Are you a door slammer, palm thumper, table banger or wall puncher? Do you pace up and down, jab the air and point your finger while you’re yelling at someone in your family, or do you sit quietly and deliberately withdraw love and attention from family and friends as a way of punishing them.
One of my clients had not spoken to his wife for seven years. He said he knew it hurt her because there wasn’t a day that passed where she hadn’t attempted to converse with him. When she did, he ignored her. When I asked him if he had any anger towards her, he said….”No. I’m not an angry person. I just don’t want to talk to her”.
What is Anger?
Like the man above illustrates, anger can be an emotion that many people don’t want to own. Yet, anger is a natural human emotion experienced by all human beings. However, it can be expressed differently, accepted and tolerated to a greater or lesser degree across cultures. Sometimes these differences lead to tensions and confusion about what is and what is not acceptable, particularly when moving between different communities and countries. As a word, anger covers a multitude of different, but related experiences ranging from slight annoyance to rage and all that is in between. It is an emotion that signals us that all is not well; something is bothering us and needs our attention. Like all emotions, anger lets us know who we are and how we feel about ourselves and the world around us.
What makes us angry?
Research by Paul Ekman, 2003 found that there are two universal root causes for why people from all cultures and races become angry. The first is when our path is thwarted. In other words, when someone or something gets in the way of what we are doing. For example, I could be trying to watch television, or read a book when someone or something interrupts my focus. The intensity of my reaction will depend on how stressed I am at the time of the interruption.
The second universal, root cause for anger is personal attacks. It could be that someone questions our integrity, loyalty, honesty, character, self-concept or way of being that we perceive as insulting or hurtful. Again, the intensity of our reaction will very much depend on how we are feeling about ourselves at the time and on our stress levels.
Types of Anger
There are many different types of anger. For example, sulking is a passive anger. We might be hurt by what someone has done or said and punish them by withdrawing our love and attention. This is not to be confused with what John Gottman calls stonewalling. According to Gottman’s research of happy and unhappy marriages, about 85% of men stonewall. Stonewalling is a cold withdrawal from interaction in which the stonewaller won’t respond to his partner’s emotions. He or she is angry, and the only way they know how to deal with their elevated level of arousal is to retreat or shut-down. The stonewaller’s intent is not to punish, but to withdraw in order to lower their arousal level.
Another member of the anger family is indignation. Indignation is self-righteous anger toward someone who we perceive has insulted us in some way or treated us unfairly. If there is no attempt by the perpetrator to repair the damage done, then indignation may turn to resentment.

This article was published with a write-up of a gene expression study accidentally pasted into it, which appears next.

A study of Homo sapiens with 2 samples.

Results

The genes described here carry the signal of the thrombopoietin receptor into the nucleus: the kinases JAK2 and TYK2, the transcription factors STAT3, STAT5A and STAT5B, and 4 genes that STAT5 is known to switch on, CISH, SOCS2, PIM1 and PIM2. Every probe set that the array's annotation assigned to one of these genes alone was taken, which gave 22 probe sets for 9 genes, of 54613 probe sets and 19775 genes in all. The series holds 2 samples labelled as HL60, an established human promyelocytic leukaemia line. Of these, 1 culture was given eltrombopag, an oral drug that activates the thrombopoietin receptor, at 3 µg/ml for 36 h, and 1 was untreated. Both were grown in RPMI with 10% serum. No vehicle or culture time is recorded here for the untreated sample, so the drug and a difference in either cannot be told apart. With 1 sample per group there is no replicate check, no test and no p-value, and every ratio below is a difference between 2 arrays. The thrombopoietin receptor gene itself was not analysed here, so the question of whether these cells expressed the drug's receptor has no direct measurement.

We can resent someone to the point where we barely give them the time of day and consciously chose to look sparingly at them when talking to them. Resentment can be short lived or long-standing. If it’s long-standing it means that we are holding a grudge and we might harbour that grudge for a life time and even seek revenge.
Different ways of expressing anger
Anger is often overt, expressed openly. The person who is the target of our anger knows that we are feeling angry towards them, however, it can also be covert (hidden) and plausibly deniable. For example, if I prefer to avoid conflict, rather than tell you face to face how I really feel toward you, I might not return your phone calls or emails. If we bump into each other in the future I can plausibly deny the reasons for not returning your calls……..”Look, I’m sorry for not getting back to you….I’ve just been so busy lately”.
Men & Anger
Our society raises men to become familiar with one emotion in particular, and that is anger. Anger masks all the pain and fear that manhood demands men never to reveal. Through anger, men attempt to get a multitude of needs met, but are often unsuccessful in doing so. If they express vulnerability, they risk appearing weak or incompetent, so they meet life’s emotional challenges like a warrior with a shield in one hand, and a spear in the other. The shield protects and hides their fear of rejection, abandonment or of appearing incompetent, and the spear, their anger, is used to attack those they perceive as the enemy.
Anger & Relationships
When anger is not expressed appropriately, angry words and angry actions can damage relationships momentarily and often permanently. Angry words can feel like barbed arrows fired into the one’s heart. It is not uncommon for victims of domestic violence to say that after they have left a violent relationship, it was the cruel words of the perpetrator’s that they had the most difficulty recovering from, more so than the physical assaults.
Anger & Parenting
Anyone who has parented children know that at times they can be exceedingly challenging to the point where we often lose control, to gain control, not realising that the only way we maintain control, is by not losing it in the first place. That’s where anger management comes in. The more mindful we are of our internal body states (our breathing, where we hold tension,) and how our thoughts effect our actions, the better chance we have of managing the stresses associated with caring for children.